Over $100b AI chip market keeps US, China on warpath — What does it mean for Taiwan?

By
Web Desk
|
Illustration of a semiconductor chip, a vital component of electronic devices and artificial intelligence platforms. — Unsplash/file
Illustration of a semiconductor chip, a vital component of electronic devices and artificial intelligence platforms. — Unsplash/file

With the advent of artificial intelligence (AI) and the recent exponential growth in its development and daily life applications, the demand for semiconductor chips — an essential component of modern electronic devices, has witnessed a significant surge therefore boosting the revenue-generating potential of the market up to $67 billion by 2024.

Semiconductors are highly sought-after chips as they are responsible for conductivity between conductors and non-conductors within electronic devices. However, artificial intelligence-enabled semiconductor chips have created a new avenue for further market growth and revenue generation.

As per Gartner’s vice president Alan Priestley, the surge in demand for semiconductor chips is primarily driven by high-end computing requirements of generative AI programs and platforms.

This year alone, the semiconductor market with regard to its AI application is approximately worth around $ 53.4 billion. The revenue generation trend is expected to not only sustain itself but in fact witness notable growth of around 25.6% amounting to $ 67.1 billion by 2024 next year.

As reported by editorialge, Priestley is of the view that the progressive trend in its demand and therefore production is expected to reach $ 119.4 billion by 2027.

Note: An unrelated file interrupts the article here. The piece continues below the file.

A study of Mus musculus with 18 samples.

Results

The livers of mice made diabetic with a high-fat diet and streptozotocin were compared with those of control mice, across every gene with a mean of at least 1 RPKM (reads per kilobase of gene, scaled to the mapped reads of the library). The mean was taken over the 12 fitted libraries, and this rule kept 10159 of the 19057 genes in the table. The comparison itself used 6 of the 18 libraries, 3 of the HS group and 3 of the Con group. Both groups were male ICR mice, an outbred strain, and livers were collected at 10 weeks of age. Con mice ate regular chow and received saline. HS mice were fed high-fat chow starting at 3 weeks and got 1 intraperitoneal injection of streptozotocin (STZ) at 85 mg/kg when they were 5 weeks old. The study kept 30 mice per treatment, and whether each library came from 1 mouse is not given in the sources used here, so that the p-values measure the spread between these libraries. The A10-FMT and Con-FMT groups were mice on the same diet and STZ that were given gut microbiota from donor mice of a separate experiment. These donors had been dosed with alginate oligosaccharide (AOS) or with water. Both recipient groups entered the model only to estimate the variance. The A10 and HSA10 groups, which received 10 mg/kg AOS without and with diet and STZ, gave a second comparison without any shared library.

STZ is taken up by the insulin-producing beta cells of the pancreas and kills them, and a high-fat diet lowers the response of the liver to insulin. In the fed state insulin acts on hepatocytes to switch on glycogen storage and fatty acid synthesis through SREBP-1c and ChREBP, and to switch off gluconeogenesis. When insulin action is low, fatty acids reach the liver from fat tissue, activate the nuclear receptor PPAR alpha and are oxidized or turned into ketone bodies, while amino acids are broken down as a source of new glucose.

Why are US and China concerned?

Designing semiconductor chips is not an issue, however, manufacturing them and controlling the supply chain is. The country that dominates semiconductor manufacturing and global supply chain will benefit from significant financial and geo-political leverage on a global stage.

Currently, Taiwan is the leading semiconductor-producing country in the world and controls around 20% of the global supply. 

However, owing to supply chain and manufacturing issues due to the COVID-19 pandemic, the world has witnessed a significant increase in demand for these chips, which has led to the US and China engaged in a semiconductor race that is gradually turning into a war.

For the United States, the concern is that if China achieves notable dominance in semiconductor manufacturing and supply chain, it’ll use it as a geo-political weapon against the US and its European allies. 

China on the other hand aims to counter Taiwan’s supremacy – a key Western partner, to strengthen its geo-political position.